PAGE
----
Wednesday, July 9, 2008

Trends Audio TA10.1 – Switched mode vs. linear power supply


The cute little Trends TA10.1 is a cheerful and useful little amp. Based on a Tripath chipset, it delivers 5 watts per channel and is perfect for a small bedroom, kitchen or office setup.

Used within its power limitations, it will not be embarrassed by amps many times its price. The Trends in particular is very modification friendly and my set has an upgraded potentiometer from Panasonic and Auricap coupling capacitors.

The stock power supply provided by the local distributor here in Singapore, Audio Trio, is a Chinese made switching power supply rated at 12V, 3A. Its hardly generates any heat, is light and compact.

Other users have reported varying degrees of success at using alternative power supplies, particularly units with higher maximum current rating, or linear power supplies.

Here is a comparison with a JVC linear power supply (bought from Koba Electronics at Peoples Park, Chinatown) rated at 12V, 2A. Heavy as a brick, it runs fairly warm and for some diabolical reason has the shortest DC jack cable I’ve ever seen.

Stock supply

There is nothing particularly wrong with the stock supply and performance seems relatively well rounded, with an attractively high amount of detail level. Instruments in jazz tracks like the saxophone, drumset etc, are well separated and precisely located in the soundstage. High frequencies are particularly airy with a shimmering feel.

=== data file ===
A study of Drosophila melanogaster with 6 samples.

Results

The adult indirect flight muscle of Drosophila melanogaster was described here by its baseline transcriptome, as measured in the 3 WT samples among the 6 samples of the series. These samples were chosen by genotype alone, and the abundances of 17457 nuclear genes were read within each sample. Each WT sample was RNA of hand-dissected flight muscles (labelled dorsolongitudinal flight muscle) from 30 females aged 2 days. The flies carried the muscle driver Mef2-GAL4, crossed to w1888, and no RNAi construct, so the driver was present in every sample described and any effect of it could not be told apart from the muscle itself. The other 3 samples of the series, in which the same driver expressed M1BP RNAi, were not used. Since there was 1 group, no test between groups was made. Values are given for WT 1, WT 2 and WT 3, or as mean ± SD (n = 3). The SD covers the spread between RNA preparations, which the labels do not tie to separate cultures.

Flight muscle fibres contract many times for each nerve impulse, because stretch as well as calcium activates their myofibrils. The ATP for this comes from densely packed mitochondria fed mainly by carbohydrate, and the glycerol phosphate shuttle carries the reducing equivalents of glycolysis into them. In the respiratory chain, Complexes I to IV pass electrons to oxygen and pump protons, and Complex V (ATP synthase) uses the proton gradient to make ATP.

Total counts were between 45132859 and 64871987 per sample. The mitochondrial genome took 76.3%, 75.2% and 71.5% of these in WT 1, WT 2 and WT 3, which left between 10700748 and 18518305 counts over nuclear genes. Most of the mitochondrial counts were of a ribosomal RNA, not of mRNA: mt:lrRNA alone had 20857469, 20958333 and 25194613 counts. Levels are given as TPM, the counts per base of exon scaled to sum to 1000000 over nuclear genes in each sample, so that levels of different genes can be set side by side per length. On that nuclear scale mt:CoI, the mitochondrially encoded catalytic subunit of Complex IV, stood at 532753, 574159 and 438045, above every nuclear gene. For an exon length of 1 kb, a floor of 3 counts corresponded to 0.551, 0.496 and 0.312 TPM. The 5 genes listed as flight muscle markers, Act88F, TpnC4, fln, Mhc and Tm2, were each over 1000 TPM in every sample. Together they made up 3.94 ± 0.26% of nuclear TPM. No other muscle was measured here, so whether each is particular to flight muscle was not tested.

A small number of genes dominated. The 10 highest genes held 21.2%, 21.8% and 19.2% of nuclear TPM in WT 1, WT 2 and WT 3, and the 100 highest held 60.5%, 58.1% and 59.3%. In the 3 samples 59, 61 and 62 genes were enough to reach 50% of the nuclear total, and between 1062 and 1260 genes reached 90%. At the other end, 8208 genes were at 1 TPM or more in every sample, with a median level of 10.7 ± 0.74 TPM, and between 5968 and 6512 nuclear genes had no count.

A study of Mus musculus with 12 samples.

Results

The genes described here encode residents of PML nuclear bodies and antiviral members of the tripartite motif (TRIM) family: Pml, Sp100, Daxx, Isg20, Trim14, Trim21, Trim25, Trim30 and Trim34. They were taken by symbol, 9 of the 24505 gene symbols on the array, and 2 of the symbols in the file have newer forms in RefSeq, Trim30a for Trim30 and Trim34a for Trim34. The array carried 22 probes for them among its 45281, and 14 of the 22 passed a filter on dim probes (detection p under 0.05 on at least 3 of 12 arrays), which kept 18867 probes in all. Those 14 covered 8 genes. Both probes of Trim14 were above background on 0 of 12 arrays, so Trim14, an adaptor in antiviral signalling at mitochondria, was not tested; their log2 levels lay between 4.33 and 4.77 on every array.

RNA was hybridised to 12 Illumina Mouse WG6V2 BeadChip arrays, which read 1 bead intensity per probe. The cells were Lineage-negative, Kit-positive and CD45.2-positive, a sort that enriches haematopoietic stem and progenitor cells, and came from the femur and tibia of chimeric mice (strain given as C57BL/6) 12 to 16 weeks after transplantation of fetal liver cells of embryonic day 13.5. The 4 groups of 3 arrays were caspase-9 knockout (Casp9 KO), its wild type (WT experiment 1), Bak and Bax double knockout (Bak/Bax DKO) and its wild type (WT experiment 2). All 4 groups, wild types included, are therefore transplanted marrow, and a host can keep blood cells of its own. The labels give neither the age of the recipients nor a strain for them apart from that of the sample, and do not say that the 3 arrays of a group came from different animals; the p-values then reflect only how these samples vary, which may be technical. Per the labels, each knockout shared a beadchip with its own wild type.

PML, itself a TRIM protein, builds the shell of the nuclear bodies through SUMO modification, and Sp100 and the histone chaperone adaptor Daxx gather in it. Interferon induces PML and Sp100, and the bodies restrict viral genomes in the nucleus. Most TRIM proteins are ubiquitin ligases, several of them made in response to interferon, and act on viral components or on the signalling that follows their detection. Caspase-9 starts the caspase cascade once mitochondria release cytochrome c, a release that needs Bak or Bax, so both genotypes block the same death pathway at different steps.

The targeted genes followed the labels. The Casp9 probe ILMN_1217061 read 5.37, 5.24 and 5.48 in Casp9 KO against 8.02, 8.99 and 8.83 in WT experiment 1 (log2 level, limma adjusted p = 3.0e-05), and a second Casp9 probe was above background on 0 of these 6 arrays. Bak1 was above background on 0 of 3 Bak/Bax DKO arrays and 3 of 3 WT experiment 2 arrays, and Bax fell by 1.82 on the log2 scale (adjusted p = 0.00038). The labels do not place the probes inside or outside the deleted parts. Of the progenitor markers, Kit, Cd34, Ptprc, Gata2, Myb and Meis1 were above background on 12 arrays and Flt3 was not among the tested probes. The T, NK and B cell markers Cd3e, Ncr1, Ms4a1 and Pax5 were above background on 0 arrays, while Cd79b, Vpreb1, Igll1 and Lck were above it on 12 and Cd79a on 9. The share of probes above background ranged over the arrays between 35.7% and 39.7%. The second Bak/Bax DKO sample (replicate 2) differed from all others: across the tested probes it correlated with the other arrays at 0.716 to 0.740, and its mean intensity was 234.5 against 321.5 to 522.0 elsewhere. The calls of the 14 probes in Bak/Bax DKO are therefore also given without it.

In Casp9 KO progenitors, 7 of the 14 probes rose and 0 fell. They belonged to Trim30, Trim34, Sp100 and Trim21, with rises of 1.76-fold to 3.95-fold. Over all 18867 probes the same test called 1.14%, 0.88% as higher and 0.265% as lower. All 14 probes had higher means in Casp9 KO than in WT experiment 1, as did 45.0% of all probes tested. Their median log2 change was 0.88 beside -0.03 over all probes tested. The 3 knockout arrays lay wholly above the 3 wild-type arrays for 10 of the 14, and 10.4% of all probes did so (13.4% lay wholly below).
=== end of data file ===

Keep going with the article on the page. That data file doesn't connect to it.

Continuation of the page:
If there is one criticism, the overall balance is relatively lightweight and bright, as the high frequency sparkle is not matched with a solid bass. Interestingly though, the bass is very tight and well controlled, but lacking in extension.

JVC linear power supply

The anti-thesis of the stock supply, the JVC linear power supply imparts a much darker presentation. Instruments do not pop out like the stock supply and image size tends to be larger but somewhat imprecise. Where the JVC stands out is the much heftier bass which has more impact and tilts the balance towards the warm side. The overall detail level seems lower and the sense of air around instruments is hard to discern.


Both power supplies have their place. Much like day and night, it is really up to individual taste whether you like a cool shimmering balance, or a dark and rich presentation. I was somewhat surprised by the differences as the reports I have read from other audiophiles suggested that the linear power supply was the way to go. Not quite a clear choice to me.